Property tax incentive turned Cape CBD around

One of the main considerations spurring development in the Cape Town CBD is the urban development zone (UDZ) tax incentive, which provides major incentives to develop new properties and redevelop existing buildings.

According to Rob Kane, chairman of the Cape Town Central City Improvement District, the UDZ tax incentive is an excellent initiative.

Introduced by the National Treasury in 2003, the purpose of the tax incentive is to promote urban development and regeneration through an accelerated depreciation allowance for new builds or the refurbishment of existing buildings. Commercial and residential developers qualify in the zone corridors.

'If an investor buys a rundown building in the UDZ corridor for R5 million and spends R20m bringing it up to date by repairing the structure, upgrading outside parking, implementing a thorough and sustainable energy-saving upgrade, as well as all the technological bells and whistles that a modern building needs to be competitive in a thriving city to conduct retail business, then that investor can deduct 20 percent a year of the R20m refurbishment and upgrade costs over five years once the building is in use,' says Kane.

'This means that the owner can write off R4m to tax every year for five years. Only the initial R5m property purchase cost does not qualify for the UDZ tax incentive.'

The incentive also applies to residential property, which in turn could be supplied to the lucrative rental market, so this could enable more affordable housing options to be developed, particularly on existing land in and around the central city.

More affordable housing in the central city would bring with it more people and more economic growth. When paired with an inclusive view towards how Cape Town's property market should develop, the UDZ can potentially play a huge role in making the central city's housing market more integrated and diverse, says Kane.

'The UDZ incentive maintains that refurbishments must preserve a substantial part of the building's existing structural or exterior framework. Therefore, to qualify for this accelerated refurbishment tax write-off, building extensions and additions must be merely incidental to building refurbishments.

'The UDZ tax break also applies to new builds such as the Portside tower at the bottom of Bree Street. Built at a cost of R1.6 billion, the owners will be able to write off 20 percent of the building costs in year one and 8 percent a year in the remaining 10 years for income tax purposes.'

He says the SA Revenue Service (Sars) has been innovative by offering this tax write-off against t he developer and buyer's combined tax bill, ensuring that the full write-off can be achieved.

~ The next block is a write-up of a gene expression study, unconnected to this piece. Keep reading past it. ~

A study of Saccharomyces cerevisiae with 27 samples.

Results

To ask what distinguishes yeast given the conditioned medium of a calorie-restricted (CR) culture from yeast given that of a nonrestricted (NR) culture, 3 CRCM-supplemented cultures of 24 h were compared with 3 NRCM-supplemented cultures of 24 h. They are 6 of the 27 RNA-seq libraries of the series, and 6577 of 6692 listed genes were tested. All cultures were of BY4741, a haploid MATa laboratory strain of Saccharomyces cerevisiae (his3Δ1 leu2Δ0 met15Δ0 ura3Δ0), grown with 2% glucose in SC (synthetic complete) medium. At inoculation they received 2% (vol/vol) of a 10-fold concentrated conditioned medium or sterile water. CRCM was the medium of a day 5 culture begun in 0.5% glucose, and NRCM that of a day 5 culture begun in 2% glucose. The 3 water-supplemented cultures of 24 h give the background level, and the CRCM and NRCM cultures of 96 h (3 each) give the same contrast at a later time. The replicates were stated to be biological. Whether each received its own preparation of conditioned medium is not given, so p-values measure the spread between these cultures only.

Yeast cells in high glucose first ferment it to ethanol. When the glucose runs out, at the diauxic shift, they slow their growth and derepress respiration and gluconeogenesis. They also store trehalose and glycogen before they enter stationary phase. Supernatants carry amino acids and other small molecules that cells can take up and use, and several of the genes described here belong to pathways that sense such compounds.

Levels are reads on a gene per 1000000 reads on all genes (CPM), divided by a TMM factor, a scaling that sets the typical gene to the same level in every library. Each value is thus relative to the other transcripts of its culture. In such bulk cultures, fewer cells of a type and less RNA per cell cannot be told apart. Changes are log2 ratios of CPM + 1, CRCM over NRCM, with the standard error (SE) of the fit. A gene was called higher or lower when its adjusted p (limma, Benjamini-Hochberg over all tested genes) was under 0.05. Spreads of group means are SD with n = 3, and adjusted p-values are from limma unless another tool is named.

'We believe many people have forgotten, or may not be aware, that the UDZ incentive exists, or that Sars has extended its use until March 2020. It was instituted when the country was in desperate need of investment and redevelopment, but because we've been through a challenging economic period in line with the global environment, investor confidence has been slow on the uptake of the UDZ incentive overall,' says Kane.

With the constant improvement of services and environment in the central city, coupled with a drive to create business and job opportunities, investor confidence has helped to spur development in the CBD.

'Each new development adds strength to the central city, and boosts investor confidence. This area has become a good bet for investors, but there is still a lot of room for more investors to take advantage of this offer, particularly right now in the residential sector as there have been no new developments in this area in years and yet demand is now high. All potential investors need to do is to acquaint themselves with the scheme and the UDZ-demarcated areas. It's a win-win situation for investors and the government. Through capital investment by the private sector, the government is able to realise its goal of revitalising commercial and residential buildings in business districts that were previously at risk of decentralisation.'

Stevie Coetzee and Michael Butler of PricewaterhouseCoopers (PwC) confirm that in recent years the accounting firm has helped a number of property owners in the Cape Town urban development zone to comply with the tax requirements to enable them to claim this favourable tax incentive. They say that key factors to be considered in determining the relevant incentive write- off amount and period are the nature of the costs incurred ( s uch a s a new bui l d i ng, improvements to an existing building or low-cost residential units), whether the owners are incurring the costs themselves or whether the building is bought from a developer, and the use of the building by the owner (for instance, for trade or personal use).

They also say that the UDZ scheme is an excellent example of how the National Treasury has used tax incentives to influence behaviour and to help reverse the urban decay in the CBD to ensure it did not go the way of the old Joburg CBD.

The latest investment report published by the Central City Improvement District (CCID) - the State of Cape Town Central City Report: 2013, A Year in Review - estimates the current value of property in the CBD at around R24 billion.

As a result of developers using the UDZ, Kane suggests that the face of Cape Town's central business district is set to change substantially in the next three to six years, with much of the development focused in the Foreshore area, bringing it in line with the rest of the central city's growth trajectory.

'The central city is experiencing an unparalleled level of economic development and investment, as well as a thriving new residential and entertainment lifestyle element that simply wasn't here a few years ago,' says Kane.